Author Topic: Making your own balanced XLR cables any tips?  (Read 1076 times)

Offline gavinbirss

Making your own balanced XLR cables any tips?
« on: January 12, 2020, 11:35:02 AM »
I am planning making up some of my own XLR cables.

Any tips from experienced members most welcome.

Have cable and connectors.

cable: Belden 8412 (have black, light blue and yellow not available locally)
connectors : Neutrik silver over nickel (frequent reconnects) and gold over nickel.
« Last Edit: January 12, 2020, 11:39:01 AM by gavinbirss »

Offline chrisc

  • Trade Count: (+153)
  • AVForums Grandmaster
  • *****
  • Posts: 12,226
  • Total likes: 737
  • Cape Town Hi-Fi Club - we're getting better sound
Re: Making your own balanced XLR cables any tips?
« Reply #1 on: January 12, 2020, 11:52:29 AM »
At the risk of being called a heretic, I'd say that XLR is not as fussy as non-balanced in terms of using some exotic cable

You just need to make sure of the polarity, but Google has many illustrated examples

Why not use a thickish 3 or 4 core stranded cable with an outer shield?  They are easy to solder, but not so much heat on the pin that the plastic melts
Music is the shorthand of emotion

Offline gavinbirss

Re: Making your own balanced XLR cables any tips?
« Reply #2 on: January 15, 2020, 07:46:46 AM »

Offline Crankshaft

Re: Making your own balanced XLR cables any tips?
« Reply #3 on: January 15, 2020, 08:05:11 AM »
I've made XLR cables using pretty much the same components that you intend using.

I just soldered the wires to the signal pins and the shield to the ground pin.
No voodoo or snake oil required.

Offline gavinbirss

Re: Making your own balanced XLR cables any tips?
« Reply #4 on: January 15, 2020, 08:09:08 AM »
@Crankshaft

Thanks

A little headshrink was used to cover cable end (where shield was opened) and pinched?

You use a heatgun?

Can candle wax be used to suspend soldered wires? Too make cable sound silky smooth?

Good solder with silver and good sized solder tip with enough temperature?

« Last Edit: January 15, 2020, 08:16:29 AM by gavinbirss »

Offline Crankshaft

Re: Making your own balanced XLR cables any tips?
« Reply #5 on: January 15, 2020, 08:16:36 AM »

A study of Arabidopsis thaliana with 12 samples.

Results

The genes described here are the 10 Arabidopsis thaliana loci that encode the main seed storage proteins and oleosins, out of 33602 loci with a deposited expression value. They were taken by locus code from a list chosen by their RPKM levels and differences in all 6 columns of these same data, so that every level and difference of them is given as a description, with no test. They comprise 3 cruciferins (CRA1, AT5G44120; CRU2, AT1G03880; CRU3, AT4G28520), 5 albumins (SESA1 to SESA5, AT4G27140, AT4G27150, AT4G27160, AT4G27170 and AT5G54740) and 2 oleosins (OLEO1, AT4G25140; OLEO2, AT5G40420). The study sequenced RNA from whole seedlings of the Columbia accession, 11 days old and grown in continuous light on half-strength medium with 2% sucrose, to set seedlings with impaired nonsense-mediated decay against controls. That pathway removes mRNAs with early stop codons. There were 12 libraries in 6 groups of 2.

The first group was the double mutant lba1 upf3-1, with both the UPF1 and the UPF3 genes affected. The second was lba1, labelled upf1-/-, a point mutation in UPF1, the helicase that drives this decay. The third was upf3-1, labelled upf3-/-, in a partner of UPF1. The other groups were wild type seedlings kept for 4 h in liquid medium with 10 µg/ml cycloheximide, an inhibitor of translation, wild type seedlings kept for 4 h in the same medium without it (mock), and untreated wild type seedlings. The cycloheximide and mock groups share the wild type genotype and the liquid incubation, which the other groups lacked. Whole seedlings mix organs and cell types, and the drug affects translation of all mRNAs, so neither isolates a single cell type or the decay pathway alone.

The Neutrik connectors have very good clamping action to grip the outer sheath of the cables.
I don't think heat-shrink will be such a good idea, as it may affect the grip on the cable, and there will be too little sheath on the inside of the connector to hold any heat-shrink.

Make good solder joints and make certain that no bare wires make contact with each other.

Offline Hi-Phibian

  • Commercial Member
  • Trade Count: (+56)
  • *****
  • Posts: 13,442
  • Total likes: 588
  • I really prefer email, see my banner for address..
    • Croak Audio Exploration
Re: Making your own balanced XLR cables any tips?
« Reply #6 on: January 15, 2020, 08:50:42 AM »
Try avoid nickel plating layers.
Use a temp controlled iron at the right temp for the solder used and within spec for the wire (van den Hul for eg has a max temp recommendation)

If you believe cable conductor
And construction makes a sonic difference I would avoid excessive add on like shrinks and sleeves and boots if not needed. 
Air is the best insulator.  Everything else is inferior in different grades.

Plug connectors in to a dummy socket to hold them and act as a heat sink. 

Decide on your thinking on the ground of the XLR.  Pin 1 only or pin 1 and body.

Use a method of stripping that does not bruise or gauge the conductors.  More important for video and digital but worth observing none the less. 


.
Croak Audio
Analogue by birth, digital by design. Mostly a StereoType though known to enjoy some Mono too  http://www.croak.co.za https://instagram.com/croakaudio?igshid=1wzr83vlqtbyy

Offline pwatts

Re: Making your own balanced XLR cables any tips?
« Reply #7 on: March 05, 2020, 10:36:58 PM »


Decide on your thinking on the ground of the XLR.  Pin 1 only or pin 1 and body.

Which one do you follow on yours? Best would be to solder according to the mating gear of course but that is seldom an option.